Cholesterol is proved deadly, and our diet may never be the same
This year began with the announcement by the Federal Government of the results of the broadest and most expensive research project in medical history. Its subject was cholesterol, the vital yet dangerous yellowish substance whose level in the bloodstream is directly affected by the richness of the diet. Anybody who takes the results seriously may never be able to look at an egg or a steak the same way again. For what the study found, after ten years of research costing $150 million, promises to have a profound impact on how Americans eat and watch their health. Among the conclusions:
> Heart disease is directly linked to the level of cholesterol in the blood.
> Lowering cholesterol levels markedly reduces the incidence of fatal heart attacks.
Basil Rifkind, project director of the study, believes that research "strongly indicates that the more you lower cholesterol and fat in your diet, the more you reduce your risk of heart disease."
Everybody knows George Ford. Or somebody like George Ford. There he was, 52, the energetic president of a small Ohio electronics firm who "wouldn't eat an egg unless it was fried in bacon grease" His lunches were executive size. He matched his business cronies drink for drink. He smoked "pretty heavily" and exercised with a knife and fork. In the winter of 1981 doctors informed Ford that his cholesterol levels were dangerously high; by April he required a quadruple coronary bypass operation. He emerged from the hospital determined to revise his ways radically. Today he does not smoke, he exercises four or five days a week, and he sticks scrupulously to a diet high in fiber and low in cholesterol and fat. "I haven't had a slice of bacon in three years," he says. He is proud and relieved that his cholesterol level is normal. "Maybe heart disease is God's way of telling us we're living too damn high on the hog," Ford says. "It's hard to practice moderation in this country. We're a nation of excess."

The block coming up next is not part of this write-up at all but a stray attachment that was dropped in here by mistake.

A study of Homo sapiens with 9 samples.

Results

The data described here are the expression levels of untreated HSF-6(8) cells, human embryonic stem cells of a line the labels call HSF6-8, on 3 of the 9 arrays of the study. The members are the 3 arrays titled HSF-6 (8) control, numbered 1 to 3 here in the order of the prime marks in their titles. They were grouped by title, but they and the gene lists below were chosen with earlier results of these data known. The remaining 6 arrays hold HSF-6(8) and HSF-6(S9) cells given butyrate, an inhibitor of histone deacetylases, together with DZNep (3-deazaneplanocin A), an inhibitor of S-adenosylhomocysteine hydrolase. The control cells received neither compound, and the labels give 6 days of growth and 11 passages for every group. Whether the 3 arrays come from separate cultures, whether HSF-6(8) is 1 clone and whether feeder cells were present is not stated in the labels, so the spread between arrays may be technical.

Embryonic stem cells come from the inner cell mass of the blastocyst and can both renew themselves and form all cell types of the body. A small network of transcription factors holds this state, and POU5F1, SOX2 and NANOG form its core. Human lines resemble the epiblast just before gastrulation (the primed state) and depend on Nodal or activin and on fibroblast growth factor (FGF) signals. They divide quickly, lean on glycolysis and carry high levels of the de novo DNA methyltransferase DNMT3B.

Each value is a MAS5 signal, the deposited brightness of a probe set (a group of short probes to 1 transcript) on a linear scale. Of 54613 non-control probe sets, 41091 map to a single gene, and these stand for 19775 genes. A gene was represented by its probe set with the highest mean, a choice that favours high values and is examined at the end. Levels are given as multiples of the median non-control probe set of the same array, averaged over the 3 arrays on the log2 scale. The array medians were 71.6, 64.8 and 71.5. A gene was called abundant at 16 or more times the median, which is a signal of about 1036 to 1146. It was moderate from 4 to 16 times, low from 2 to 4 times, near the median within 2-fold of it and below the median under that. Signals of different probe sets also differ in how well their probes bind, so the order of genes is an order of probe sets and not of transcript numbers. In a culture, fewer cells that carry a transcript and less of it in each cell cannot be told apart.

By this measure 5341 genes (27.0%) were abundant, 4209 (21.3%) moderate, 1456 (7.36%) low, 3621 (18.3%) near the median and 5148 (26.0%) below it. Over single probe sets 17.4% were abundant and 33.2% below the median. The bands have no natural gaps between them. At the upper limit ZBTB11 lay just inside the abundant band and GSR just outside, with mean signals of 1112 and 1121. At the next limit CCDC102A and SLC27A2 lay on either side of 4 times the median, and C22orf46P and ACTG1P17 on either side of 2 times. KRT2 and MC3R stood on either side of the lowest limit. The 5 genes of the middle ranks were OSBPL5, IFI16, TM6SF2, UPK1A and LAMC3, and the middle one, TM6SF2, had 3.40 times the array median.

Sadly, George Ford is right. By the time the average American puts down his fork for the day, he has consumed the equivalent of a full stick of butter in fat and cholesterol. This is despite more than 25 years of warnings from doctors and the American Heart Association about the dangers of such oleaginous indulgence. All their good advice, plus the urgings of the health-and-fitness movement, has, it seems, succeeded only in making us feel guiltier as we plow our way through the eggs Benedict. Although intake of animal fats has been declining, American men continue to consume an average of about 500 mg of cholesterol a day, and women 350 mg, in both cases about 60% more than the Heart Association recommends. About 40% of our daily calories are taken in as fat; this is about 30% more than Americans ate 60 years ago, and nearly three times the amount consumed by the Japanese and some African and Latin American populations.